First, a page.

Responding to a question in the Lok Sabha on public-sector banks’ (PSBs’) declining profits, the then finance minister Arun Jaitley had said in December 2018 that 6,049 PSB officials had been penalised for rising non-performing assets (NPAs) in 2017-18. However, not all of these employees were managers — some were single-window operators, cashiers, even a peon— show data obtained through right to information (RTI) applications.
Jaitley had said: “Depending on the gravity of their lapses, minor or major penalty has been imposed on erring officials, including, inter-alia dismissal, removal from service, compulsory retirement, reduction to a lower grade, reduction to a lower stage in time, scale of pay, etc. In all the cases, depending on the amount involved, the Central Bureau of Investigation (CBI) or police complaints have been lodged.”
Recently, replies to RTI applications filed by transparency activist Venkatesh Nayak — reviewed by Business Standard — gave details of employees penalised in FY18 along with their designation, branch, and the nature of the penalty imposed on them.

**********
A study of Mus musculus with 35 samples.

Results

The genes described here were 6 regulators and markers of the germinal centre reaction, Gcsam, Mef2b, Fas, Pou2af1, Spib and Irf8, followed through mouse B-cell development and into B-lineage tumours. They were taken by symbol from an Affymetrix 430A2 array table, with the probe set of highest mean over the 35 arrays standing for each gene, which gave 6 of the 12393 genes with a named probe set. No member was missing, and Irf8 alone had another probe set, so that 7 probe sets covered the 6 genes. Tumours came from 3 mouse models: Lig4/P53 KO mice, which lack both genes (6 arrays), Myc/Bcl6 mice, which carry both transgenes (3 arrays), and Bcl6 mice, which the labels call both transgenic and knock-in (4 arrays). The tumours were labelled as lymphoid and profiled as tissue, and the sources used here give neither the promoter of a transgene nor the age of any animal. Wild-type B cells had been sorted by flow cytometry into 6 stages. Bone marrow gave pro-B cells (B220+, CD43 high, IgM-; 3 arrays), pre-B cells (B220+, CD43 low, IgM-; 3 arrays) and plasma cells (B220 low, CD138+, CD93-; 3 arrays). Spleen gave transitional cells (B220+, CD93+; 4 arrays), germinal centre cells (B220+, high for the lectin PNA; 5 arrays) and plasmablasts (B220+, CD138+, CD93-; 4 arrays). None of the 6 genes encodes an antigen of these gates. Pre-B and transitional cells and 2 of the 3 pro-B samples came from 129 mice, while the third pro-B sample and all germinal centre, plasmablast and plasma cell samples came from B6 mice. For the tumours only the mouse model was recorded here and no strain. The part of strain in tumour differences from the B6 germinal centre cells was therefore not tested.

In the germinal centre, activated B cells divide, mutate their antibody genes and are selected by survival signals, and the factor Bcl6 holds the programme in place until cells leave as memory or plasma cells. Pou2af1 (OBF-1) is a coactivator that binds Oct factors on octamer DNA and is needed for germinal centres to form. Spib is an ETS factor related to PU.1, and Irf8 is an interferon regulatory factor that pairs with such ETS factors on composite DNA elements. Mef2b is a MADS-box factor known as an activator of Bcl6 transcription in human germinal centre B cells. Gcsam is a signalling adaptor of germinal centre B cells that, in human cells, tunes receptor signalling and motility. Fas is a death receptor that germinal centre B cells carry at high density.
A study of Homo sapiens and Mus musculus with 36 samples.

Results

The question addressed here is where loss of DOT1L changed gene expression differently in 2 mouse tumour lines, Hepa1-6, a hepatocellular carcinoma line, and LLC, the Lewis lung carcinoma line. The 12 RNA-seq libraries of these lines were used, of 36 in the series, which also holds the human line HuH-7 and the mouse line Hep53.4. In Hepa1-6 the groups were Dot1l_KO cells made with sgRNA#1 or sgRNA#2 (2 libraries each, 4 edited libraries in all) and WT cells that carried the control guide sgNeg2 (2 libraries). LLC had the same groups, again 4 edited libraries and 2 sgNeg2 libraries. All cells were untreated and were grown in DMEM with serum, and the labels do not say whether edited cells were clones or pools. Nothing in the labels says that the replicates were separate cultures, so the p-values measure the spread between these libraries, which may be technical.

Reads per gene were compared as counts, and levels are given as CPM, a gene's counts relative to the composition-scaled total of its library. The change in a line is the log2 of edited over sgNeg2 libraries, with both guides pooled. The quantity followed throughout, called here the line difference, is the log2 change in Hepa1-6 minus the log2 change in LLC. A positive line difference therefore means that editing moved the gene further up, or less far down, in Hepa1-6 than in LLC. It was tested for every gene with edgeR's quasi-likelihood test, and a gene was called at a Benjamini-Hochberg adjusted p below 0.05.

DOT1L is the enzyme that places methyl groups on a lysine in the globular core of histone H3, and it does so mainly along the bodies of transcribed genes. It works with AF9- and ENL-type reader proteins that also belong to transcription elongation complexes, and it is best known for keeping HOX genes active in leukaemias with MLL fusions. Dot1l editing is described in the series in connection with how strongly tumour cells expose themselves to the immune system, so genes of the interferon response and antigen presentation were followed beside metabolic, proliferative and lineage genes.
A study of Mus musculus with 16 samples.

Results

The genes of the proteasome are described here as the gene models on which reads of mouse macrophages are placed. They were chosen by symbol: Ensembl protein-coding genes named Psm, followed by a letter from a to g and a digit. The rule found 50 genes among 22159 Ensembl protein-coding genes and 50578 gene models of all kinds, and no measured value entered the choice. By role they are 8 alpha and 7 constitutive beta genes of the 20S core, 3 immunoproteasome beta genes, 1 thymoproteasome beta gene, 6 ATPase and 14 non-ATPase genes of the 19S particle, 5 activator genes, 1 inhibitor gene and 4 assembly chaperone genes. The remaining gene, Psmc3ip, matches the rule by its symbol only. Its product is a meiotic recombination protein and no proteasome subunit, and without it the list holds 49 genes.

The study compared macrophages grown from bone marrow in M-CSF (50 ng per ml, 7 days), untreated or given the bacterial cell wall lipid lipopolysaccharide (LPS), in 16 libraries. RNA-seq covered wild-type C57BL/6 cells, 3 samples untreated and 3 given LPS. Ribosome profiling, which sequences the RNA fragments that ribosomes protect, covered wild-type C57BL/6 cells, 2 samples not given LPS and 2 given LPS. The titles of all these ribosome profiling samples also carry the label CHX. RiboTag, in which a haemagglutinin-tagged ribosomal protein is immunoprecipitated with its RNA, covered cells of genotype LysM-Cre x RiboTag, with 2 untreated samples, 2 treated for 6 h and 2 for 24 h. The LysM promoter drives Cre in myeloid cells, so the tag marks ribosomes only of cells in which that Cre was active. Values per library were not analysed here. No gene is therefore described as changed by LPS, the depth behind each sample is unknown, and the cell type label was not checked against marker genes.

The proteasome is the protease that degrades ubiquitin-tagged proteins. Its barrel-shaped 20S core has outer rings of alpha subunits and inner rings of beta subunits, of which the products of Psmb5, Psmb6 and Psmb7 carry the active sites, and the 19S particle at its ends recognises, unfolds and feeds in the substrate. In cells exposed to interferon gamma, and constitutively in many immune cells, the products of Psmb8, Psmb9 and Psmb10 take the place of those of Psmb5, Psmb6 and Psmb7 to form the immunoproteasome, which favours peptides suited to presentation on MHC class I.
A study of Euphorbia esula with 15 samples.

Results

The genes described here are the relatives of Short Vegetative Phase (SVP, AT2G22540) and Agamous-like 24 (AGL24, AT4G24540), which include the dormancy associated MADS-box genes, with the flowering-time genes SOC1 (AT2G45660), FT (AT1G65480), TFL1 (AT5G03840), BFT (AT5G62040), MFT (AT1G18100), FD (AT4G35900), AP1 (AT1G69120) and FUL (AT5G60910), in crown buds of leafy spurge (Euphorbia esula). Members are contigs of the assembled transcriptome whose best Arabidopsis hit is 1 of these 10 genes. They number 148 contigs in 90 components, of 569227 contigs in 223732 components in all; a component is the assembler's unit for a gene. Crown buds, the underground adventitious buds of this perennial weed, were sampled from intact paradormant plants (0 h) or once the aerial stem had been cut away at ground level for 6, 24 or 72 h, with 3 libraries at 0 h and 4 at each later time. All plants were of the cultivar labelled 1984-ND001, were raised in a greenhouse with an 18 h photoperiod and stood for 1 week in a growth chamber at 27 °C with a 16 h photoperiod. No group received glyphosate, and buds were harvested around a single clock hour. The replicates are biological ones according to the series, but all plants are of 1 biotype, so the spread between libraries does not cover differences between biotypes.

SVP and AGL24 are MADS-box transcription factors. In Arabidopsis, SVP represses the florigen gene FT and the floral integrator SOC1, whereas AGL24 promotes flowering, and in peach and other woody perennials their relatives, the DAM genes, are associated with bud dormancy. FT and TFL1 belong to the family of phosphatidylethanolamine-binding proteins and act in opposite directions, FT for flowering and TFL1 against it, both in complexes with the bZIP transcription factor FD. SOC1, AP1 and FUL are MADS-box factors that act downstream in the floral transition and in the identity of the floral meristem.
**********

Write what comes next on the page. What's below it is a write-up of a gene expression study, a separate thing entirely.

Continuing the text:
They revealed that most of those penalised were managers across different scales, with the highest being Scale 7 (General Manager), and the lowest Scale 1 (Officer).
The list for at least one bank, Oriental Bank of Commerce, however, showed that 17 single-window operators (SWOs), five head cashiers, two clerks, one clerk-cum-cashier and one peon-cum-housekeeper were also among those penalised for staff delinquency. The penalties imposed on these employees had the same severity as those imposed on managerial staff — withholding of increment, demotion to a lower stage for one year, and censure under provisions of bipartite settlement.
No PSB chairman, director, deputy director or managing director was penalised, as these executives do not come under the purview of staff disciplinary rules and are, therefore, exempt. However, there is a possibility that cases might have been lodged against such executives separately, information of which was not given by most banks.
Of the 21 PSBs, 15, including State Bank of India (SBI) and Punjab National Bank (PNB), did not divulge data on staff delinquency. This was even as SBI and PNB had the highest number of employees against whom staff accountability had been fixed in the past five financial years — 8,035 and 4,488 employees, respectively.